Previously proposed models of wettability change have not been tied to the chemistry that controls wettability but instead were driven by simplistic criteria such as salinity level or concentration of an adsorbed species. Such models do not adequately predict the impact of brine compositional change and therefore cannot be used to optimize brine composition. In this work, after testing proposed models in the literature on sandstones and carbonates, we propose a mechanistic surface-complexation-based model that quantitatively describes observations for ionically treated waterfloods. To the best of our knowledge this is the first surface-complexation-based model that fully describes ionic compositional dependence observed in ionically treated waterfloods in both sandstones and carbonates.
We model wettability change by directly linking wettability to brine chemistry using detailed colloidal science. Brine has charged ions that interact with polar acidic/basic components at the oil-water interface and rock surface and therefore oil/brine and rock/brine interfaces are charged and exert both Van der Waals and electrostatic forces on each other. If the net result of the forces is repulsive, the thin water film between the two interfaces is stable (i.e., the rock is water-wet) otherwise, the thin water film is unstable and the rock becomes oil-wet. Based on
We implemented the improved wettability change model in a comprehensive coupled reservoir simulator, UTCOMP-IPhreeqc, in which oil/brine and rock/brine zeta potentials are modeled using the IPhreeqc surface complexation module. We take into the account total acid number (TAN) and total base number (TBN) for the oil/brine interface and we use rock surface reactions for brine/rock surface potential modeling. Surface potentials obtained from the geochemical model are used to calculate the dimensionless group controlling wettability change, which is dynamically modeled in the transport simulator. The model is validated in sandstones and carbonates by simulating an inter-well test, and several corefloods and imbibition tests reported in the literature. For sandstones, we model
Polymer flooding can significantly improve sweep and delay breakthrough of injected water, thereby increasing oil recovery. Polymer viscosity degrades in reservoirs with high salinity brines, so it is advantageous to inject low salinity water as a preflush. Low salinity water flooding (LSW) can also improve local displacement efficiency by changing the wettability of the reservoir rock from oil wet to more water wet. The mechanism for wettability alteration for low salinity waterflooding in sandstones is not very well understood, however experiments and field studies strongly support that cation exchange (CE) reactions are the key element in wettability alteration. The complex coupled effects of CE reactions, polymer properties, and multiphase flow and transport has not been explained to date.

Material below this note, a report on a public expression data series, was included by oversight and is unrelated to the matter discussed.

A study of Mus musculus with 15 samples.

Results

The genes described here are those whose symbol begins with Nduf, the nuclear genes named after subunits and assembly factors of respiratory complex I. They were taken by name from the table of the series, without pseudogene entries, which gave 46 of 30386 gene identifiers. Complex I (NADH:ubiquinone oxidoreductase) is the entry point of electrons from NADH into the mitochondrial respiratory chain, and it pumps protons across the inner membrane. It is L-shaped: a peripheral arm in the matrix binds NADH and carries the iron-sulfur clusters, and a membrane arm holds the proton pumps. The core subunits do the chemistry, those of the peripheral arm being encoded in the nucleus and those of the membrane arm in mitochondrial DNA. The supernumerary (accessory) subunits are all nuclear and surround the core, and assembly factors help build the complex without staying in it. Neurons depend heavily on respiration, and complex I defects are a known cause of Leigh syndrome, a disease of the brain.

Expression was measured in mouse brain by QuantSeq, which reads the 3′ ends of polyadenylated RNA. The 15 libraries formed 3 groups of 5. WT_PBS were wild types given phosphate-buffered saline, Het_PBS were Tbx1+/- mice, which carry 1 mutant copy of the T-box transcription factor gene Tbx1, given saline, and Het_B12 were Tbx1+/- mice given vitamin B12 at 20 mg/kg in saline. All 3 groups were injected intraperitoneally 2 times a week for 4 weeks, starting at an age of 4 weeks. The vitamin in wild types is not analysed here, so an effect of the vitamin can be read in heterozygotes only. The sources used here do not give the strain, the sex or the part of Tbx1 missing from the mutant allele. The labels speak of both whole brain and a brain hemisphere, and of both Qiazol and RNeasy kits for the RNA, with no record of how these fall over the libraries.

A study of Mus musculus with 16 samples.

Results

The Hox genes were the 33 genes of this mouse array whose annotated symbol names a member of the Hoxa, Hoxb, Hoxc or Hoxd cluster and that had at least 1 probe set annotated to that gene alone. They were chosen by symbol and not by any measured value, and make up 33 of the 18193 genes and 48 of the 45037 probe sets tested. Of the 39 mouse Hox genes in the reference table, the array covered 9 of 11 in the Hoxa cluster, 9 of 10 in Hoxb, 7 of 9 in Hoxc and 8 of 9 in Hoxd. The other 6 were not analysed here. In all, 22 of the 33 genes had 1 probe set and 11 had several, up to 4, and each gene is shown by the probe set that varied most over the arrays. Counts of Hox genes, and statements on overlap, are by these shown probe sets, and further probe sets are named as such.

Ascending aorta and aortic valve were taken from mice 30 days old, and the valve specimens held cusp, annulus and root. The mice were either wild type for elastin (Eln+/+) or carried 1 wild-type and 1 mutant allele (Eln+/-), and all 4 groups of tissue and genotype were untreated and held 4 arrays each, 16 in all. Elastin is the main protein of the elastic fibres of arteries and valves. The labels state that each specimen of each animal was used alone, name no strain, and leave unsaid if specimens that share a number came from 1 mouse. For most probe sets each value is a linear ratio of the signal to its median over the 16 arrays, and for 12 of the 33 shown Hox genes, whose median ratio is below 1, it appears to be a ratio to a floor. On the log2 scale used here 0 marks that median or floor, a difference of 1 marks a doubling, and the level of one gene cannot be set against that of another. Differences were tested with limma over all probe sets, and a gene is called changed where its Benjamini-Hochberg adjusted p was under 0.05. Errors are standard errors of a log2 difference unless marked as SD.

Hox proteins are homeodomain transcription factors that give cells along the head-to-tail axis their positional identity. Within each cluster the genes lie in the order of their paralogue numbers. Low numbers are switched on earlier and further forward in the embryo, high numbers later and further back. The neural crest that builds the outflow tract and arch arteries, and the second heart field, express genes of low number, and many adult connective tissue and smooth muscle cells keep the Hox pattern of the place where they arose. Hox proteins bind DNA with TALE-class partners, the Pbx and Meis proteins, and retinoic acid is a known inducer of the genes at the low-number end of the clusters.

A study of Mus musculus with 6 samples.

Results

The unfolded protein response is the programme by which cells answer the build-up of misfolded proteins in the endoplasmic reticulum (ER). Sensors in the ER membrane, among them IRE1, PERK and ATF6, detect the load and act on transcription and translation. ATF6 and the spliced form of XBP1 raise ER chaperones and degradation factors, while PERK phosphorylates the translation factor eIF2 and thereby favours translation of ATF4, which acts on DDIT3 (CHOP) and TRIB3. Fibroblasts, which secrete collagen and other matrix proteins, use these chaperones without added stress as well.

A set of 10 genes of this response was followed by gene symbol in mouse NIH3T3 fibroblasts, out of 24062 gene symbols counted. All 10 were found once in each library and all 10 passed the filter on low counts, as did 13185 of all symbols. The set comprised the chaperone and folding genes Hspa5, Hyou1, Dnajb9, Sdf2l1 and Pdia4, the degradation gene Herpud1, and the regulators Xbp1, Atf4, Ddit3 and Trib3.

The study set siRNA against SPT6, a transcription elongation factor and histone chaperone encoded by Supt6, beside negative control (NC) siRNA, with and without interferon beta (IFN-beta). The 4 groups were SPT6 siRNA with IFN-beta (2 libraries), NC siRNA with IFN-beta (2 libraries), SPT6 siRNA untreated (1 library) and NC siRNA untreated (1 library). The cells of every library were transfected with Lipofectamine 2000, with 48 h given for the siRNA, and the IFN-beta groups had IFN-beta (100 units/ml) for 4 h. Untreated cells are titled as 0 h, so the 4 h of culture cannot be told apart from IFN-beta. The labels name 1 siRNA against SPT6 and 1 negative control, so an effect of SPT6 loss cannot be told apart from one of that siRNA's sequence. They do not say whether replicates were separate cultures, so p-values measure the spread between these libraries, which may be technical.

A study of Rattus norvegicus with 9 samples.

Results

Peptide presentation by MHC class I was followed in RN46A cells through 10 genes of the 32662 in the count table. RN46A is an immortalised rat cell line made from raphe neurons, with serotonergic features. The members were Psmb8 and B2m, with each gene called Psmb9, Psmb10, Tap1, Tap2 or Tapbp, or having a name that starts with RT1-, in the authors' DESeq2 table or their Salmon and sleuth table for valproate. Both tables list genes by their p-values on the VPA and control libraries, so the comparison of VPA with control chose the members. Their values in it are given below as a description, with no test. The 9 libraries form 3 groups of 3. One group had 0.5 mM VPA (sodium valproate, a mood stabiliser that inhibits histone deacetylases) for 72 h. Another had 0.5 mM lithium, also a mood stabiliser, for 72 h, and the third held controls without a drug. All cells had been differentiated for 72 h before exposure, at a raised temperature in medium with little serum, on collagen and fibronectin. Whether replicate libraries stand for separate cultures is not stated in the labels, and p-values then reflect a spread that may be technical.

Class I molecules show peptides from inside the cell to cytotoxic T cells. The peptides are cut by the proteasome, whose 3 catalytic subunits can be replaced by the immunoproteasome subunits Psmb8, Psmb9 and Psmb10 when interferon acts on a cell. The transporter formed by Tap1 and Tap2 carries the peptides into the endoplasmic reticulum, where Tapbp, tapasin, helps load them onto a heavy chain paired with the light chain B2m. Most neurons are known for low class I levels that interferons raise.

This paper presents the first analytical solutions for the coupled synergistic behavior of low salinity waterflooding and polymer flooding considering cation exchange reactions, wettability alteration, adsorption, inaccessible pore volume (IPV), and salinity effects on polymer viscosity. A mechanistic approach that includes the cation exchange of Ca2+, Mg2+ and Na+ is used to model the wettability alteration. The aqueous phase viscosity is a function of polymer and salt concentrations. Then, the coupled multiphase flow and reactive transport model is decoupled into three simpler sub-problems, one where cation exchange reactions are solved, the second where a variable polymer concentration can be added to the reaction path and the third where fractional flows can be mapped onto the fixed cation and polymer concentration paths. The solutions are used to develop a front tracking algorithm, which can solve the slug injection problem where low salinity water is injected as a preflush followed by polymer. The results are verified with experimental data and PennSim, a general purpose compositional simulator.
The analytical solutions show that decoupling allows for estimation of key modeling parameters from experimental data, without considering the chemical reactions. Recovery can be significantly enhanced by a low salinity pre-flush prior to polymer injection. For the cases studied, the improved oil recovery (IOR) for a chemically tuned LSP flood can be as much as 10% OOIP greater than with considering polymer alone. The results show the structure of the solutions, and in particular the velocity of multiple shocks that develop. These shocks can interact, changing recovery. For example, poor recoveries obtained in core floods for small low salinity slug sizes are explained with intersection of shocks without considering mixing. The solutions can also be used to benchmark numerical solutions and for experimental design. We demonstrate the potential of LSP as a cheaper and more effective way for performing polymer flooding when the reservoir wettability can be altered using chemically-tuned low salinity brine.